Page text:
Mitch McConnell’s statement on Tuesday was a marked break from other GOP lawmakers.
The Background: When Justice Stephen Breyer announced his retirement, Biden pledged to abide by his campaign vow to nominate a black woman. He said in a statement, “I’ve made no decision except one. The person I will nominate will be someone with extraordinary qualifications, character, experience, and integrity, and that person will be the first Black woman ever nominated to the United States Supreme Court. It’s long overdue in my opinion.”
The Details: McConnell was speaking at an event in Lexington, Kentucky when he made the statements. “I heard a couple of people say they thought it was inappropriate for the president to announce he was going to put an African-American woman on the court. Honestly, I did not think that was inappropriate,” McConnell said.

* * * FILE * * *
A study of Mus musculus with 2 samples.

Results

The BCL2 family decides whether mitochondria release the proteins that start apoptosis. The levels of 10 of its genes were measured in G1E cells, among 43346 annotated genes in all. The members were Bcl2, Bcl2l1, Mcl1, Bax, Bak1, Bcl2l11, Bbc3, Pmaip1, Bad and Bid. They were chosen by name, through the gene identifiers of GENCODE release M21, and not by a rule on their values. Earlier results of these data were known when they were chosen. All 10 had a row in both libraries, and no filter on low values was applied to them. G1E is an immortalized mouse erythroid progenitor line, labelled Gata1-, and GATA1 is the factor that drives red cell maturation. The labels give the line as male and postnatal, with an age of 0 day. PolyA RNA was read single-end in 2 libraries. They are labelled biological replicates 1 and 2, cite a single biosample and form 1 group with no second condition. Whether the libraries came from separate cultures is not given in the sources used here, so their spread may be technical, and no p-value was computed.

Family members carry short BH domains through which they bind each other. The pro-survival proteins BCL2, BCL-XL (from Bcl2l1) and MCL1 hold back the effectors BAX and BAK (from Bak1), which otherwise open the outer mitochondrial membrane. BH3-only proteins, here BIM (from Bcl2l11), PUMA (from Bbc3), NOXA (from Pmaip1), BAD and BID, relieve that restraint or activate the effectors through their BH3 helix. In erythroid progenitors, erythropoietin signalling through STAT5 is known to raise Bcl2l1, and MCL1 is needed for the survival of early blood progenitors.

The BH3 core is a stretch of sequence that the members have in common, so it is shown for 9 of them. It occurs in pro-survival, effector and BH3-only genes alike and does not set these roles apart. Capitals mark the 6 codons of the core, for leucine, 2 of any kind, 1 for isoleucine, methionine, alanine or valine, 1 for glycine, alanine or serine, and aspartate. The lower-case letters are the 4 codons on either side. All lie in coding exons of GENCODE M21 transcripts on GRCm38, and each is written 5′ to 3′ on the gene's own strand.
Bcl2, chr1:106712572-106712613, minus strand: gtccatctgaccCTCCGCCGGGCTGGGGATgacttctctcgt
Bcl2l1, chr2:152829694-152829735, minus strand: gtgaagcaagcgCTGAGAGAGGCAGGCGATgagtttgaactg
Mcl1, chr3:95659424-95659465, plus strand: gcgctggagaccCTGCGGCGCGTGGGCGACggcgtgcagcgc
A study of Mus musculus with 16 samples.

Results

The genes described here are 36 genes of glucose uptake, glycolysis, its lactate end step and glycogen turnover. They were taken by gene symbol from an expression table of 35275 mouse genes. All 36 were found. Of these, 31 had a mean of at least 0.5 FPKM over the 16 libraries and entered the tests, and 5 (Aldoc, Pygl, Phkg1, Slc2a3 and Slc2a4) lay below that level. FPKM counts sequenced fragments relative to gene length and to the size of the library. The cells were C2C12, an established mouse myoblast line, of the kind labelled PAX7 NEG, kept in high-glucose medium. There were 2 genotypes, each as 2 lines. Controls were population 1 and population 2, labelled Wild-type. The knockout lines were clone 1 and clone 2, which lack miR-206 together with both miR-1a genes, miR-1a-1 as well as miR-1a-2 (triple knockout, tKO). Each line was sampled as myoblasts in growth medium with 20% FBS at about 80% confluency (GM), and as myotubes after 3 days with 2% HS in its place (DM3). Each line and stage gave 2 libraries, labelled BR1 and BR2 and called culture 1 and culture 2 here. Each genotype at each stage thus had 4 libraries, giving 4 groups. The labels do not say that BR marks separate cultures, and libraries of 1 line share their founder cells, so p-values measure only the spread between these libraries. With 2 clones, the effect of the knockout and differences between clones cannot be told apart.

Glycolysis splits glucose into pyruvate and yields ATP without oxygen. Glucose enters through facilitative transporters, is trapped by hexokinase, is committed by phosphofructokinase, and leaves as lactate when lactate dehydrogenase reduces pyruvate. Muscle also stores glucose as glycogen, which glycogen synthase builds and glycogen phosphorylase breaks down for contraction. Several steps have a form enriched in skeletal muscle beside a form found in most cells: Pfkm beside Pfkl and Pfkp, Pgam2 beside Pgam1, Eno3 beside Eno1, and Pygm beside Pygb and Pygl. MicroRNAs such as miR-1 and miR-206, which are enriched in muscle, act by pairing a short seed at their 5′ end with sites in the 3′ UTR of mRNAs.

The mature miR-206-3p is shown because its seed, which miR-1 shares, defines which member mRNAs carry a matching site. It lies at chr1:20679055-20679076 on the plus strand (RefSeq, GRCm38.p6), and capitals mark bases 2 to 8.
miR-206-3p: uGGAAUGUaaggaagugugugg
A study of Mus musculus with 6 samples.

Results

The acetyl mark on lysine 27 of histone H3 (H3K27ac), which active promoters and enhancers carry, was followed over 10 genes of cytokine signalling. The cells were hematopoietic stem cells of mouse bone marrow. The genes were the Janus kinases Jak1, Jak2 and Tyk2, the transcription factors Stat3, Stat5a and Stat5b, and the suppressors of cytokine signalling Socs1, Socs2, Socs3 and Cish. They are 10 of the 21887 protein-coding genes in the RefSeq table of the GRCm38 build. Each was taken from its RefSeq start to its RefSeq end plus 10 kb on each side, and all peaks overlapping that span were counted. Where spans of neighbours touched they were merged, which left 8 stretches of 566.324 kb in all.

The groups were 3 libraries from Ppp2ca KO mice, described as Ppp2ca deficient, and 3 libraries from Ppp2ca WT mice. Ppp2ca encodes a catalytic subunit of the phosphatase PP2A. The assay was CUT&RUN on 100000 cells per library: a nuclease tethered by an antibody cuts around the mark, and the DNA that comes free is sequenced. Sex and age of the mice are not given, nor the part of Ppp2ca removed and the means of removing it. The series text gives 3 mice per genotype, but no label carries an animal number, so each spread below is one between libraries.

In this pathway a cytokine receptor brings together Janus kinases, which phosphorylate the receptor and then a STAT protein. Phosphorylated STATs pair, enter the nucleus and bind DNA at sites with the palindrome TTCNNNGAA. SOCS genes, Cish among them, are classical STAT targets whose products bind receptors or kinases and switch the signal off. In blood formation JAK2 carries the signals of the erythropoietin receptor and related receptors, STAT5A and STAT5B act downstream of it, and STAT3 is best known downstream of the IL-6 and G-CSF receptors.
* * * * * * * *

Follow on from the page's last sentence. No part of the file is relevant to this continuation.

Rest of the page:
“President Reagan promised to put a woman on the Supreme Court, Sandra Day O’Connor. President Trump promised to put a woman on the Supreme Court when Justice Ruth Bader Ginsburg passed away, so I’m not complaining about that,” he added.
What Others Say: Senator Ted Cruz (R-TX) claimed the promise was insulting on his podcast Verdict With Ted Cruz. “If he came and said, ‘I’m gonna put the best jurist on the court’ and he looked at a number of people and he ended up nominating a Black woman, he could credibly say, ‘OK, I’m nominating the person who’s most qualified.'”
Senator Lindsay Graham (R-SC), however, appears to agree with McConnell’s take. “Put me in the camp of making sure the court and other institutions look like America. You know, we make a real effort as Republicans to recruit women and people of color to make the party look more like America. Affirmative action is picking somebody not as well qualified for past wrongs,” Graham said.